The Student News Site of University of Louisiana Monroe

The Hawkeye

The Student News Site of University of Louisiana Monroe

The Hawkeye

Age is catching up with longtime politicians

Tribune Content Agency

When it comes to politics, there is no shock that the faces we see are familiar. To be precise, there are 16 senators and representatives 80 and older, and even more over the age of 70. Many of them have served multiple terms. When you consider how long they’ve worked and their age, you can see that the years are adding up.

Holding a position for that long is ludicrous. I do not have any problem with U.S. representatives, but I do with their age and what comes with it. 

An article from the New York Times suggests that people working in knowledge-based jobs retire in their early 70s, especially if the job is based on a cognitive perspective. Additionally, their health is at risk the longer they continue to work and add stress to their bodies. 

For example, on August 30, U.S. Sen. Mitch McConnell, 81, froze for the second time this year while talking to the press, and he had to be taken away from the podium to gather himself. 

In  March he had a concussion from a fall, causing him to slowly lose his hearing. According to the Mayo Clinic, people’s bones weaken as they age, eventually leading to fractures, loss of strength and loss of balance.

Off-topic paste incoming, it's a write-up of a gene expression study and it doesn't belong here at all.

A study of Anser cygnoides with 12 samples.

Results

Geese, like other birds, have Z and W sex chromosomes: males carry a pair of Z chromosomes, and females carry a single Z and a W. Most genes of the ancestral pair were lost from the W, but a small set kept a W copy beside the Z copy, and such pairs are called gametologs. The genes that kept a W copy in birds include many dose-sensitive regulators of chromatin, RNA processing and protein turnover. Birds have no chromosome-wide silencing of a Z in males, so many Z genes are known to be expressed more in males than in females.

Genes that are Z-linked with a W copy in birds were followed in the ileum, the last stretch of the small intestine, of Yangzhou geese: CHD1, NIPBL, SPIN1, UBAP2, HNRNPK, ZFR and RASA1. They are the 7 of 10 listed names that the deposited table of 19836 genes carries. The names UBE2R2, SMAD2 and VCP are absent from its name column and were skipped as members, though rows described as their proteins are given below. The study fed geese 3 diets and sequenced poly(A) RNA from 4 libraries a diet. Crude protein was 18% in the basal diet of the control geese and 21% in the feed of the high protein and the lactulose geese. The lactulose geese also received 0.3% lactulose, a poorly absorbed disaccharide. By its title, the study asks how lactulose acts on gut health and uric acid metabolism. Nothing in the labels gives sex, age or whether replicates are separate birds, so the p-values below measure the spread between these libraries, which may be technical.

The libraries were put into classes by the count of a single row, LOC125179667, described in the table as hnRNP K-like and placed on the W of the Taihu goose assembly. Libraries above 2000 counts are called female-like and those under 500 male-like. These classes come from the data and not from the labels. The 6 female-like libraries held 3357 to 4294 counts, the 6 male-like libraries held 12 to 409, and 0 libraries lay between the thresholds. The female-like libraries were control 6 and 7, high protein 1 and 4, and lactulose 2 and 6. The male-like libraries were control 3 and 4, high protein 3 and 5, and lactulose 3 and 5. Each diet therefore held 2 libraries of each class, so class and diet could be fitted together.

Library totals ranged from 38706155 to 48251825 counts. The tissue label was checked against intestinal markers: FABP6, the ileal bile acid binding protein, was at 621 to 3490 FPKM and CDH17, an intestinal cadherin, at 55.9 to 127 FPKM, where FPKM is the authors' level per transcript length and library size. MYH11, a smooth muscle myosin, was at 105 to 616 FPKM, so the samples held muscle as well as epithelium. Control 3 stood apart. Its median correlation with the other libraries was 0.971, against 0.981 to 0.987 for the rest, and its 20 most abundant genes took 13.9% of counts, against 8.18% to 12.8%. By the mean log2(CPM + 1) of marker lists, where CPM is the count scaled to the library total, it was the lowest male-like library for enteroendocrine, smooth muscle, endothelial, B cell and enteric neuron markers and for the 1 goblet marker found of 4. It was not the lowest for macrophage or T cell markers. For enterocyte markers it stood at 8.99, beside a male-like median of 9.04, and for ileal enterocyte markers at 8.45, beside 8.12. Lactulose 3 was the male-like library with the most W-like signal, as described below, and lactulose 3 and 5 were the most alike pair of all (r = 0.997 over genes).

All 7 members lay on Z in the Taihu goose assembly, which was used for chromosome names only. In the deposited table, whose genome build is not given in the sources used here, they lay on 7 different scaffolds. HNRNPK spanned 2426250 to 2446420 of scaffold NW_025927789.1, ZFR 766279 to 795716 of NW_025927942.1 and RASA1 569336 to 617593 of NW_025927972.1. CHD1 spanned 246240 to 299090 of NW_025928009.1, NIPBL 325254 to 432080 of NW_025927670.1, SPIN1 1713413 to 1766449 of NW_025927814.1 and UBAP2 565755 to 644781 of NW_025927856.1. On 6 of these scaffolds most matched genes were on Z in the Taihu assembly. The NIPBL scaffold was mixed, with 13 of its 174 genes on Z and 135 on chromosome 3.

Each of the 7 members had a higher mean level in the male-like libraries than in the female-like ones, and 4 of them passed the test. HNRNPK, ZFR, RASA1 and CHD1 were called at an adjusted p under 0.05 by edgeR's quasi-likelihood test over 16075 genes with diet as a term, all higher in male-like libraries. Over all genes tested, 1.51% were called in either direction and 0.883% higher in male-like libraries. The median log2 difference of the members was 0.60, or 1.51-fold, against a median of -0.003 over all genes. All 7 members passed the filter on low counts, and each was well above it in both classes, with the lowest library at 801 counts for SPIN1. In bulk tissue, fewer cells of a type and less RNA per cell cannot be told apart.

The age gap between citizens and the delegates is too far, considering the average age of Americans is 38. In today’s world, more individuals are open to subjects that society saw as taboo during the delegates’ time. The ideas and desires of younger Americans are lost because people old enough to be their grandparents can’t connect or understand these issues.

Conversations relating to gender identity are more common and have become more relevant to our society, but the views of the delegates may differ about inclusion. 

There is a disconnect between us and them, and quite frankly, I do not imagine that some of them want to change or try to adjust to unfamiliar demands.

Having power that could affect many people’s lives is nerve-wracking when the person in question is not fully functional in their role.

The best way to combat this situation is by enacting an age limit to restrict individuals who are no longer fit to handle the business of America. 

There should also be a mental and physical health checklist to ensure they are suitable to handle America’s business. 

And if they can’t pass, we should let them enjoy retirement.